About Warsaw

Stroll along Trakt Królewski (the Royal Route)

Trakt Królewski (‘The Royal Route’) is undoubtedly the most beautiful part of the city, encompassing five connecting streets on which many culturally important buildings and monuments are located. It starts on the edge of the Old Town and stretches for over a mile. After touring the UNESCO-listed Old Town, head along Krakowskie Przedmieście street (check out the University of Warsaw’s campus, Church of St Anne, Nicolaus Copernicus’ monument, and the Polish Academy of Sciences), then onto the swanky Nowy Świat street (great for bars and cafés), down Aleje Ujazdowskie (check out the Three Crosses Square with St Alexander’s Church) and end at the famous Royal Łazienki Park.

Laze in Royal Łazienki Park

This biggest and most charming park in the whole of Warsaw was designed in the 17th century in the Baroque style. The park is home to a number of palaces (including the main Palace on the Water), a neoclassical amphitheater and orangeries. Often in summer, there are free yoga and meditation classes in the park.

The Wisła (Vistula) River

Recently, the Wisła (Vistula) River bank has become a trendy meeting place with a cultural addition to it. The new beach pavilion and café space Plażowa hosts a cycle of concerts called ‘Miejskie granie’ (‘urban playing’) performed by Poland’s best young musicians. And the great thing about these concerts is that they are free. Plażowa also provides an outdoor theater and cinema, a swimming pool for children, a renting point for sport and beach accessories, as well as many cafés and bars.

Tour the Copernicus Science Centre

The largest Science Museum in Poland is named after the most famous Polish astronomer of all, Nicolaus Copernicus. The stylish Copernicus Science Centre is not to be missed. Expect permanent displays that impress both adults and children, regular events and workshops and seasonal exhibitions.

The Museum of the Warsaw Uprising

The Museum of the Warsaw Uprising has the motto ‘We wanted to be free – and to owe this freedom to ourselves’, and it presents the history of the 1944 uprising,crucial for the development and the end of World War II. It is a must for everyone interested in world history and military studies. It was modelled after the Holocaust Memorial Museum in Washington, D.C. and uses multimedia design in order to replicate the atmosphere of the uprising. You can see some of the bunkers used in the uprising, read extracts from newspapers printed at the time, as well as understand the chronology of the battle proceedings. The museum is closed on Tuesdays.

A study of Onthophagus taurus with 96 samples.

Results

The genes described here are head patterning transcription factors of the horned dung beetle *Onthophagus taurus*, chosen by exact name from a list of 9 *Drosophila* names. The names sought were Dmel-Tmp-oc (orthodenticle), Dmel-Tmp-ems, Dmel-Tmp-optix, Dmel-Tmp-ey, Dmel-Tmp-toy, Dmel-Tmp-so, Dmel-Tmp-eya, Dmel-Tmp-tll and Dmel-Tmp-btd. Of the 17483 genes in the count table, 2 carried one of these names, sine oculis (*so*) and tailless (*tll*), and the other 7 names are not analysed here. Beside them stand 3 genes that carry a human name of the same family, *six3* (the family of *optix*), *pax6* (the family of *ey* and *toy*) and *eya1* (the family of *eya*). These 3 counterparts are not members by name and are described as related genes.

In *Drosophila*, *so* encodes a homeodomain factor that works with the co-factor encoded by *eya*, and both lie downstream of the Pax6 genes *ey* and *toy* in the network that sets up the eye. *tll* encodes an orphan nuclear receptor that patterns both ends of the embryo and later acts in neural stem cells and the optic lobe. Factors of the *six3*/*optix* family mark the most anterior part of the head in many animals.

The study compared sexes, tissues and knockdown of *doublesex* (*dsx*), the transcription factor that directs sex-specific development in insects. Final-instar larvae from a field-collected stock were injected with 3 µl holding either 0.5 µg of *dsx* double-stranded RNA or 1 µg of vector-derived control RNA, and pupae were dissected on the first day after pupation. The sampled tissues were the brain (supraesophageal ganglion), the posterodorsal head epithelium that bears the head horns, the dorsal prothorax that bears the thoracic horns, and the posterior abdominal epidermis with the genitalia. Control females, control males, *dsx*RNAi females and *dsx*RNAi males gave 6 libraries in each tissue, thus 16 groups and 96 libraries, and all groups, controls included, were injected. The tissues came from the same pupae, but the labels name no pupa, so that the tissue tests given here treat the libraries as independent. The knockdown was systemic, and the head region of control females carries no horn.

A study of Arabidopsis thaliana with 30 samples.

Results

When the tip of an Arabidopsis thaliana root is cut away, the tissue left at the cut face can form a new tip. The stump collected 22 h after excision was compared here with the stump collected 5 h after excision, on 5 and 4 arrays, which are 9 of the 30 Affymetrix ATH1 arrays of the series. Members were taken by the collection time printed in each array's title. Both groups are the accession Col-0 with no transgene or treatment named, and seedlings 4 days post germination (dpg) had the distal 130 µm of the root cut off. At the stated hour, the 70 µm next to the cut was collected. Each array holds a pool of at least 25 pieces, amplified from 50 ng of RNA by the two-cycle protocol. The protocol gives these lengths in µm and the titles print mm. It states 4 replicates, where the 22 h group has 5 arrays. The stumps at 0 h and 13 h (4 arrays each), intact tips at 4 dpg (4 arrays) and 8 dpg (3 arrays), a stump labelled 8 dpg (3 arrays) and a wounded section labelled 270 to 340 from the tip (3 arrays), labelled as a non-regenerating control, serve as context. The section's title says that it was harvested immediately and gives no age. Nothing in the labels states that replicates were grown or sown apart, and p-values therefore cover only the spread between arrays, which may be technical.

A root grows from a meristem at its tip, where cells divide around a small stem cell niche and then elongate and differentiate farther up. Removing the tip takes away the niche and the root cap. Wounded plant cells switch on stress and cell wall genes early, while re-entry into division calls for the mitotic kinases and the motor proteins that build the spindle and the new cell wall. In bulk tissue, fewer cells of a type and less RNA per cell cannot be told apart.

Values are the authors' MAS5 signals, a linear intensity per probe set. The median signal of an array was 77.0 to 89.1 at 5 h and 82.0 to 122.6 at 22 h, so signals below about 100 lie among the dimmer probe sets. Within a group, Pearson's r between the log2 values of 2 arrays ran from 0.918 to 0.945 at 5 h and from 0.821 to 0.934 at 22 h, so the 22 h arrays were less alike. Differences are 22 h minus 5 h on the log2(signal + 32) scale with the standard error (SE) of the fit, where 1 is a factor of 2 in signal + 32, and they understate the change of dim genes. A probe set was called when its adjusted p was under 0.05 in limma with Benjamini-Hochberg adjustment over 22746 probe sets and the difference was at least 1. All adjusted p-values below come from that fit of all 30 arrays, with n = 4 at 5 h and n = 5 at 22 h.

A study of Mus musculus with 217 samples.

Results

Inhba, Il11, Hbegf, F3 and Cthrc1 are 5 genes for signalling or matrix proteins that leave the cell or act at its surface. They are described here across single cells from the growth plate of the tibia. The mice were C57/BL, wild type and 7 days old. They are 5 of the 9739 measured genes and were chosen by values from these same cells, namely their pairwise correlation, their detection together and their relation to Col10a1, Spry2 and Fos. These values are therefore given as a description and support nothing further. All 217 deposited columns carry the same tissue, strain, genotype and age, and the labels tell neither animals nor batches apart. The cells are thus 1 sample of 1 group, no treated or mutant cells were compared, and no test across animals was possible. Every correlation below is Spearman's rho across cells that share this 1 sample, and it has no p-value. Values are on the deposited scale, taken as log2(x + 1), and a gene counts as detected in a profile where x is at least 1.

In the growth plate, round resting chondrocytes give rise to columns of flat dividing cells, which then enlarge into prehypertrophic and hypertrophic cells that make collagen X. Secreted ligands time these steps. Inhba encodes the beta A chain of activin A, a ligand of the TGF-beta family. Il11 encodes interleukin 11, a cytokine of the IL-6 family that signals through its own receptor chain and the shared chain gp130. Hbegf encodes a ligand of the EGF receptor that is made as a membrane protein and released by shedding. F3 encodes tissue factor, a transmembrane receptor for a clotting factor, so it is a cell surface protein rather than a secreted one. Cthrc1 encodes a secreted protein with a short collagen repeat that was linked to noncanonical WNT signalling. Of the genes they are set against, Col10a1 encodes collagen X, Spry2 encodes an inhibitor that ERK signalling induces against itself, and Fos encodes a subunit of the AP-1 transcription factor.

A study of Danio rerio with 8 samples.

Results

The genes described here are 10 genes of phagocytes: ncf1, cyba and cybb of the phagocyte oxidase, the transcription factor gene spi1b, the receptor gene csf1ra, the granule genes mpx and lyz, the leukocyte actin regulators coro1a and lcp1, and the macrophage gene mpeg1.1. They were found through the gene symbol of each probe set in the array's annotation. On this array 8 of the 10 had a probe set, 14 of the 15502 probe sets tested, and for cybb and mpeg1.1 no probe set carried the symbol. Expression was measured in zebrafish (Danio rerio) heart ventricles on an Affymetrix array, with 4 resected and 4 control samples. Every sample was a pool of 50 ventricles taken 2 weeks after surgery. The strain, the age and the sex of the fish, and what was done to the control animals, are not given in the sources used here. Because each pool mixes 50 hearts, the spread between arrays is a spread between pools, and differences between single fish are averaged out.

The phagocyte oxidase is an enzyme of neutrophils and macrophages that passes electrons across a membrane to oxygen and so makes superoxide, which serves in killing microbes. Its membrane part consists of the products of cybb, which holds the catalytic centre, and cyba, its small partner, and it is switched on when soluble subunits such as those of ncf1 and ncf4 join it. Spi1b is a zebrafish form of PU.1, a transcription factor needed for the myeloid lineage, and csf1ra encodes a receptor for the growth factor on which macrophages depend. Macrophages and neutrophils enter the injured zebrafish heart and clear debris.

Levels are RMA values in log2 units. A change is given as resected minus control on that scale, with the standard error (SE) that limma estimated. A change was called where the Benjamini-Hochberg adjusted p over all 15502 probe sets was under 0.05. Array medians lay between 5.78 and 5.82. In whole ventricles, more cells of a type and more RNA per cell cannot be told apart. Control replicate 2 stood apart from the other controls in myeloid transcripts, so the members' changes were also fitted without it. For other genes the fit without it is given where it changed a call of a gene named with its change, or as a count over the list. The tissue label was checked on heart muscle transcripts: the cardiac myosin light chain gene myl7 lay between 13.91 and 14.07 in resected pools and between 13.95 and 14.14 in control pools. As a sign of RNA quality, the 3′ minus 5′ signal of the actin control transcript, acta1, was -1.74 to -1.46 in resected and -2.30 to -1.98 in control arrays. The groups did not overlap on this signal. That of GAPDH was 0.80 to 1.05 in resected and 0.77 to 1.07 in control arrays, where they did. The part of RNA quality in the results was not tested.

The Royal Castle

Warsaw’s Royal Castle is situated in the Old Town on the beautiful Castle Square. It was a residence of the Polish royalty between the 16th and 18th centuries. The castle was completely destroyed by the German army during World War II and, because of the Communist regime, it was only reconstructed in the 1980s, but it blends into the Old Town’s atmosphere very well. The interiors host a collection of portraits of the Polish kings and a collection of 23 18th-century paintings of Warsaw ordered by Poland’s last king, S. A. Poniatowski.

Museum of the History of Polish Jews (POLIN)

The Museum of the History of Polish Jews (POLIN) is a newly opened, interactive and vibrant museum that also served as a cultural centre, organizing various workshops, debates, lectures and other temporary events. The main exhibition depicts the thousand-year old history of the Jews in Poland. POLIN’s very location is significant, too – it stands in the centre of the former Jewish ghetto of World War.

Palace of Culture and Science

Warsaw’s iconic must-see building is the Palace of Culture and Science. It was a ‘gift’ from Stalin back in the Communist era and has divided opinion among the city’s residents. Love it or hate it, the building is pretty hard to miss. For sublime views of the city, buy a ticket and head to the viewing platform on the 30th floor, via the lift. The building itself has a theatre and cinema inside it and hosts regular events.

Old Town Square

At the centre of the partially walled Old Town (Stare Miasto), the Old Town Square is, for those with an eye for historic buildings, the loveliest square in Warsaw. It’s lined with tall houses exhibiting a fine blend of Renaissance, baroque, Gothic and neoclassical elements; aside from the facades at Nos 34 and 36, all were rebuilt after being reduced to rubble by the Germans at the close of WWII.

Warsaw’s multimedia fountain park

Located on the outskirts of the old town and fronting the Vistula River. You can enjoy a multimedia presentation in the evenings with a water fountain and laser light extravaganza accompanied by popular artists like Lady Gaga and transitioning to famous composers like Chopin. You can check out the schedule of water performances here.